Joan B Samuelson And Doug Kurtis: Two Long Running Marathon Greats

[Note: I wrote this story over several days prior to Samuelson's announcement, Wednesday afternoon, that she would not be racing in Sunday's Chicago Marathon, due to injury-limited training. I think much of the information and analysis is still interesting.]

Among marathon runners, who is the Greatest Of All Time (GOAT)? It depends, of course, on your criteria.

If you choose only by world records, things are simple. You would opt for Dennis Kimetto (2:02:57) and Paula Radcliffe (2:15:25). If you believe, on the other hand, that the Olympics are the ultimate test, you might select Abebe Bikila. He won successive Olympic Marathons in 1960 and 1964, and set world records in both efforts.
Benoit Samuelson has scratched from
Sunday's Chicago Marathon.

There are other good measures, as well. For example: continued excellence through many years. After all, the marathon is an endurance test. Let’s see what runners have produced top results over long periods of time--decades. By this yardstick, Joan Benoit Samuelson leads the pack.

On Sunday in Chicago, Samuelson hopes to continue her high-level marathon career by becoming the first woman over-age-60 to break three hours in the marathon. According to the Association of Road Race Statisticians (ARRS), the current world record for a 60-year-old woman is the 3:01:30 that New Zealand’s Bernardine Portenski ran in 2010 at the Gold Coast Marathon in Australia.

Samuelson has run many other impressive marathons, including two Boston Marathon wins, an Olympic Marathon victory, and her personal best (2:21:21) at Chicago in 1985. After that, she entered a quiet period, raising two children. But she stormed back into the spotlight at the 2008 Olympic Marathon Trials, when she broke 2:50 at age 50.

Two-and-one-half years later, at 53, she set a single-age world record at Chicago, running 2:47:50. Her last fast marathon (2:54:26, Boston 2015, at one month short of 58 years) would also be a single-age world record, except the ARRS does not accept Boston for record performances. Benoit’s first fast marathon was a 2:31:23 she ran in New Zealand in 1980.

Doug Kurtis’s long marathon career followed a similar trajectory. His first fast marathon was a 2:30:31 at Boston in 1975. Thirty-eight years, six months, and six days later, Kurtis ran a 2:59:07 (at age 61) in the Detroit Free Press Marathon in October, 2013. It was his 200th sub-3-hour marathon, a record.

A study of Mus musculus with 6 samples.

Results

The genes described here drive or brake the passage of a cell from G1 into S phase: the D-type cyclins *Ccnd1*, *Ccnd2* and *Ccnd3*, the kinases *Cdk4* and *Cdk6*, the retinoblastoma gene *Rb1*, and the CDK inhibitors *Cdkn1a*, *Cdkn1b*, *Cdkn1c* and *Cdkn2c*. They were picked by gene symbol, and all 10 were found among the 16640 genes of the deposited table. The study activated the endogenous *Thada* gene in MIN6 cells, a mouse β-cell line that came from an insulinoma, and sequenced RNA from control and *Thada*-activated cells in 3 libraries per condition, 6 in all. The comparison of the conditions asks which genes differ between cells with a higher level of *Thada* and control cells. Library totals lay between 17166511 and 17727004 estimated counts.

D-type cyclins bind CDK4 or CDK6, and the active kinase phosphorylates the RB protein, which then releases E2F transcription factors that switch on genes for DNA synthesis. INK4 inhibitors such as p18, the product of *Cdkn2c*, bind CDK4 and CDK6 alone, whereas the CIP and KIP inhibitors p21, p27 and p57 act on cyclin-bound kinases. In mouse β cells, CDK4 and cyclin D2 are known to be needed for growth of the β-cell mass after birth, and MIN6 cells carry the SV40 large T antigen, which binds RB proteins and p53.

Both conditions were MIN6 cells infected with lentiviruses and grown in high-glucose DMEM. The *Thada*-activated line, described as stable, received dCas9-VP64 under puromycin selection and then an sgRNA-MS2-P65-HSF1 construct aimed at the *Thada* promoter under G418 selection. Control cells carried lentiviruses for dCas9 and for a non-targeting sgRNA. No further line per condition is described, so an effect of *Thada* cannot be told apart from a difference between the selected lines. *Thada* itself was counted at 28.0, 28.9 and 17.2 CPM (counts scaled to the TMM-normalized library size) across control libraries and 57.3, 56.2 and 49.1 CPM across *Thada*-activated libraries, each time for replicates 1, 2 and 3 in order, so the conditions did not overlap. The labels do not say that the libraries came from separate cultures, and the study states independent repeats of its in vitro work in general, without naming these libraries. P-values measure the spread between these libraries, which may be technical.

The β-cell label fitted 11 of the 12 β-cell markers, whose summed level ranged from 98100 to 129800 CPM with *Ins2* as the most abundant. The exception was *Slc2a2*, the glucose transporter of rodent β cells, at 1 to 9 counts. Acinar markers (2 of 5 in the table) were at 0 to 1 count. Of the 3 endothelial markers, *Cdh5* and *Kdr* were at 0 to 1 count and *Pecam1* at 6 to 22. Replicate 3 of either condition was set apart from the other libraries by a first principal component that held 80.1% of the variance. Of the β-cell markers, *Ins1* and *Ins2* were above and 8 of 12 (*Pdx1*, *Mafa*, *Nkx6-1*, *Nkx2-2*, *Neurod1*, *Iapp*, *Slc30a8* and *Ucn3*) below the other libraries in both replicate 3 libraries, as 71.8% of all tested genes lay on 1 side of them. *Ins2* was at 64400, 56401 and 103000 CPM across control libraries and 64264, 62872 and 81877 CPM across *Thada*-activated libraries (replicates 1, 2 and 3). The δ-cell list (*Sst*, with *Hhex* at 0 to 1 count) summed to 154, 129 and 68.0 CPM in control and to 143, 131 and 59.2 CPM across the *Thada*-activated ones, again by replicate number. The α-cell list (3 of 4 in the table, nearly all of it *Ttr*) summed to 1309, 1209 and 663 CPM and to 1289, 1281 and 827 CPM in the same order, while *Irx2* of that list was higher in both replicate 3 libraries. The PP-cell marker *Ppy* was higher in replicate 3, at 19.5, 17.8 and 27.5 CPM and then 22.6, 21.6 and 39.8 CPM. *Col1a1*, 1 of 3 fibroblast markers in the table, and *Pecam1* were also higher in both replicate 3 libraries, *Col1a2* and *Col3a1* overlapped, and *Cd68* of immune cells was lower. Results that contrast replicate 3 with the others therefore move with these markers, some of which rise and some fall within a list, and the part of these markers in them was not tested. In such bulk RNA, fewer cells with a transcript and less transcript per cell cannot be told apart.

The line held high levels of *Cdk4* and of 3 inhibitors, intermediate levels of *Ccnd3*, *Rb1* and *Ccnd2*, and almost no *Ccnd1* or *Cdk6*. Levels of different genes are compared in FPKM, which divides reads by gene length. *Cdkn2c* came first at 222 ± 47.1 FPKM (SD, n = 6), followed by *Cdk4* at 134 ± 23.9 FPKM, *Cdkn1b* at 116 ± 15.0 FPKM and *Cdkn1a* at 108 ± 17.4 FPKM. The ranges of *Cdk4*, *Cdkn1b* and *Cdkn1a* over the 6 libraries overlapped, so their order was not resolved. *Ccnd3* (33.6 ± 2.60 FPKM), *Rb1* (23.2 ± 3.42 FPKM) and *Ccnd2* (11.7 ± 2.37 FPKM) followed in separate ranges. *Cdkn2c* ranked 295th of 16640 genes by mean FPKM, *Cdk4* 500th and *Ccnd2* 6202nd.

Kurtis ran 200 sub-3:00s.

“That last sub-3 didn’t come easy,” Kurtis told me several days ago. “I had to run 70 miles a week, and do speed work on the track with friends from my running club. Without them, I would never have made it. The older you get, the harder it is to push it alone in your training.”

The most interesting question to ask about Samuelson, Kurtis, and other long-performing runners is this one: How much did they slow down per year (or decade, etc)? The following Table shows the basic data. Samuelson has slowed only .43 percent per year (4.3 percent/decade) over 35 years and 2 months. Kurtis slowed .49 percent per year over a longer period, 38 years and six months.

Marathon Slow-Down Rates of Joan Benoit Samuelson and Doug Kurtis

First fast 26.2
Recent 26.2
Yrs Between
% Slow Down
% /year
Feb. 1980
Apr. 2015
35 yrs, 2 mos
.43 % /year
Apr. 1975
Oct. 2013
38 yrs, 6 mos.
.49 % /year

Those who remember Ed Whitlock’s incredible marathons into his mid-80s might imagine that he exceeded Samuelson and Kurtis. But, no, at least not on the slow-down-per-year metric. Whitlock’s strong late-life running began with a 2:50:22 when he was 63.

Twenty-two years later, he ran 3:56:38 at age 85. No one younger than Whitlock has ever broken 4 hours, but his per-year slowdown rate is 1.73% per year, much greater than Samuelson and Kurtis. Of course, he started much later than they did, and the post-60 years are a far tougher place to begin than the early 20s.

Samuelson’s longevity also shines in comparison to the younger U.S. stars in the generation that followed her. Meb Keflezighi will run his final serious marathon this fall in New York City at age 42, and Deena Kastor ran her last fast marathon two years ago in Chicago, also at 42. It doesn’t appear that they’ll be aiming for fast performances in another 20 years.

Thus far in 2017, Samuelson’s best race has been a 64:01 in the Cherry Blossom 10-mile in early April. That’s roughly equivalent to a 2:59 marathon. Her other races have been slightly slower, including a 3:12:27 at the Sugarloaf Marathon in mid-May. She ran there primarily to support a friend’s fund-raising.

In the early 1980s, famed physiologist-coach Jack Daniels, PhD, tested Samuelson in several Nike sport-science labs. She achieved a vo2 max level of 78.6 ml/kg/min, thought to be the highest ever obtained by a woman, and the same as Alberto Salazar, who could run a dozen minutes faster than Samuelson in the marathon. Why? Because Salazar had an exceptionally high running economy, says Daniels, whereas Samuelson’s was merely “average” for top runners. According to Daniels’s calculations, if Samuelson could run a 2:59 on Sunday, that would be equivalent to a 2:22 by an athlete in her prime. “It all depends on her training,” he adds. According to the official age-graded calculator of the World Masters Athletics association, the equivalent open division time would be 2:18. (Here’s the WMA age-graded calculator at USA Track & Field lists tops American age-graded marathons by women here. Sunday’s weather will be a big factor for Samuelson, who couldn’t be reached for comment on her preparations. The current outlook is somewhat warmer and breezier than optimal. However, Samuelson has a strong record of fast races in Chicago. And no one doubts her ability or focus. “She’s so talented and has so much drive,” says Doug Kurtis. “I think she’ll make her sub-3 goal.”